Monday, October 15, 2007

Blog Action Day: The Environment

Last night while catching up on blogs, I discovered today is Blog Action Day. Today, thousands of bloggers are writing on the topic of the environment. I wanted to take a moment to share something that I have shared in part once before.

the following is from the 9/3/07 issue of Drug Topics:

The White House Office of National Drug Control Policy (ONDCP) in cooperation with APhA and federal agencies announced earlier this year new guidelines for consumers to dispose of unneeded prescription medications. The guidelines replace the old recommendation of flushing all medications in a toilet or sink. According to ONDCP, consumers should:

  • Take unused, unneeded, or expired prescription drugs out of their original containers

  • Mix the prescription drugs with an undesirable substance, such as coffee grounds or cat litter

  • Put the mixture in an empty can or sealable bags and throw in the trash

  • When possible, return prescription drugs to pharmaceutical take-back locations

  • Some drugs particularly prone to diversion still should be flushed, including Actiq (fentanyl citrate, Cephalon), Daytrana Transdermal Patch (methyphenidate, Shire), Duragesic Transdermal System (fentanyl, Alza), OxyContin Tablets (oxycodone, Purdue Pharma), Anvinza Capsules (morphine sulfate, King), Baraclude Tablets (entecavir, Bristol-Myers Squibb), Reyataz Capsules (Atazanavir sulfate, BMS), Tequin Tablets (gatifloxacin, BMS), Zerit for Oral Solution (stavudine, BMS), meperidine HCl tablets, Percocet (oxycodone/acetaminophen, Endo), Xyrem (sodium oxybate, Jazz Pharmaceuticals), and Fentora (fentanyl buccal tablet, Cephalon)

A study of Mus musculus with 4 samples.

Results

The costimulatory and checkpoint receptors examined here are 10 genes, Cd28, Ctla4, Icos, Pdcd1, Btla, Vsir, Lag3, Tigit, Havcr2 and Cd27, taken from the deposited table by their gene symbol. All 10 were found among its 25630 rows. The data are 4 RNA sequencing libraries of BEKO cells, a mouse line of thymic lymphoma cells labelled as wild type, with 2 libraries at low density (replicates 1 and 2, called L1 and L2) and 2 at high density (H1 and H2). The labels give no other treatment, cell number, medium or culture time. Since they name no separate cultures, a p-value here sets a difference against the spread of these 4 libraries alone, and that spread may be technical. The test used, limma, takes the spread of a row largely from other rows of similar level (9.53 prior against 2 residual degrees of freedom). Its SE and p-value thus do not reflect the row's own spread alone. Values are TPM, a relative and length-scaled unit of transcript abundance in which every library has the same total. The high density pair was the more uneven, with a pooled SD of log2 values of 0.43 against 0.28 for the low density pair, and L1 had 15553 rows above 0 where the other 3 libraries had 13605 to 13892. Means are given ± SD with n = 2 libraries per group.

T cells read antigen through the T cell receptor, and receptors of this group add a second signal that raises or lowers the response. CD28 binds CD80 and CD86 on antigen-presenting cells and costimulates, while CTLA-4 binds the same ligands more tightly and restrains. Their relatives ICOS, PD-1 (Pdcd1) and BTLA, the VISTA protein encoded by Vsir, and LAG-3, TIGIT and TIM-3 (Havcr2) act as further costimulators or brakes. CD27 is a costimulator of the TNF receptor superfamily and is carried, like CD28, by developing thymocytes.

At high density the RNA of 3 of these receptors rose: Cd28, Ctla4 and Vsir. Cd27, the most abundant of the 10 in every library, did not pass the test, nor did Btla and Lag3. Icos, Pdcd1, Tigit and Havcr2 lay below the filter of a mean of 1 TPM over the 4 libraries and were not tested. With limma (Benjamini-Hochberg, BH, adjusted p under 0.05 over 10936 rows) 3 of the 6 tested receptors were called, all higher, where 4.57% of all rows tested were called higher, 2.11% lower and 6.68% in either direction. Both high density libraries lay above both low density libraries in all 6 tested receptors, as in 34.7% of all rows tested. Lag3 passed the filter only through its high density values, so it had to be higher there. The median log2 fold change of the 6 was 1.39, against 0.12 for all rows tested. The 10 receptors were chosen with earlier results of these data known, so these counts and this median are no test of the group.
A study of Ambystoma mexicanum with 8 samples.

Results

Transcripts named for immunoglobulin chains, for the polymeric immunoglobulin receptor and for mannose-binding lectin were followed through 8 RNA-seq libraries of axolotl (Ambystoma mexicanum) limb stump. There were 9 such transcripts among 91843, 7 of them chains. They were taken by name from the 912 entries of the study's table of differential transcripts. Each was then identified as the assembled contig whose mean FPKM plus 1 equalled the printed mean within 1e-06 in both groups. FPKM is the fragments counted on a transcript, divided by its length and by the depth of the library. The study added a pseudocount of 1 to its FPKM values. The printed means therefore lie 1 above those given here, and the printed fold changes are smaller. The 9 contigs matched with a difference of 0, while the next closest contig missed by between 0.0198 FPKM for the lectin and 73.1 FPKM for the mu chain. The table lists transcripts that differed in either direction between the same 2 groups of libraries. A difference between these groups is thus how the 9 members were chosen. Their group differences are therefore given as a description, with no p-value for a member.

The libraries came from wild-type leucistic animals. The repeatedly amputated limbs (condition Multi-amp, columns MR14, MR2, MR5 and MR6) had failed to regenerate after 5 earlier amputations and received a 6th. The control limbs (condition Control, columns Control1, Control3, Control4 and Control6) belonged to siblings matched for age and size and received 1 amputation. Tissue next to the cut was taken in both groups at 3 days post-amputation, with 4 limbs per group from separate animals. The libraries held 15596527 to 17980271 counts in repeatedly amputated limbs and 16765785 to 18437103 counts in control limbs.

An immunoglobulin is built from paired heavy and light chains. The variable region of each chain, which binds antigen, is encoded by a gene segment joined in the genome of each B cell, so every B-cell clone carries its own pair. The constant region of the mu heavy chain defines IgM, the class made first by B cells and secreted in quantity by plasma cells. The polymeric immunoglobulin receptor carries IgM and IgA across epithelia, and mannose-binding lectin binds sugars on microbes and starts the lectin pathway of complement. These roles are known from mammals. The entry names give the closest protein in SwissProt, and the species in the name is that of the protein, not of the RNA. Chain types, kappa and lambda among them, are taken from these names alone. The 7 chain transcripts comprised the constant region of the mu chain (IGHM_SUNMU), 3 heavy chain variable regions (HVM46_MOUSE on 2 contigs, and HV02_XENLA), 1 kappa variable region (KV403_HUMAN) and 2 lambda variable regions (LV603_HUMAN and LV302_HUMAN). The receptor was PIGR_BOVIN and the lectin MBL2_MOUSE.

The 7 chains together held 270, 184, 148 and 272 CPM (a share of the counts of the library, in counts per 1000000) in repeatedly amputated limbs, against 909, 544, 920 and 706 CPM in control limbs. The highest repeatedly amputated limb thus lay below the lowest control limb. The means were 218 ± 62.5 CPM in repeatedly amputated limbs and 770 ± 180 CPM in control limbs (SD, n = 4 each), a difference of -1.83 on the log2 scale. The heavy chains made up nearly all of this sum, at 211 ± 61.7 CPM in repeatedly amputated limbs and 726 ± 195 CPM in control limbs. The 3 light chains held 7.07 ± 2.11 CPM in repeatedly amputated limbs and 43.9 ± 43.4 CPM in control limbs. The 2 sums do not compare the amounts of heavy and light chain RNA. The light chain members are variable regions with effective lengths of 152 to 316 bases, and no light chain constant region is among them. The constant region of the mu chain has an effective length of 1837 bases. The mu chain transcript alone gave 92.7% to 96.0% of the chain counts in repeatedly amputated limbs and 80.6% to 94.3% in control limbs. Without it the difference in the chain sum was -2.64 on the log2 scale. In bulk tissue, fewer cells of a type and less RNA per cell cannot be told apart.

More from Drug Topics:
"Prescription drugs are showing up in our water systems, though the long-term impact is not well understand. Beginning in the 1990s, the Environmental Protection Agency (EPA) started to examine the occurence of certain pharmaceuticals and personal care products (PPCPs) in the environment. Since then, EPA, the U.S. Geological Survey (USGS), and the U.S. Fish & Wildlife Service (USFWS) have found the existence of a broad range of unexpected compounds in the water, including caffeine, acetaminophen, erthromycin, fluoxetine, and albuterol."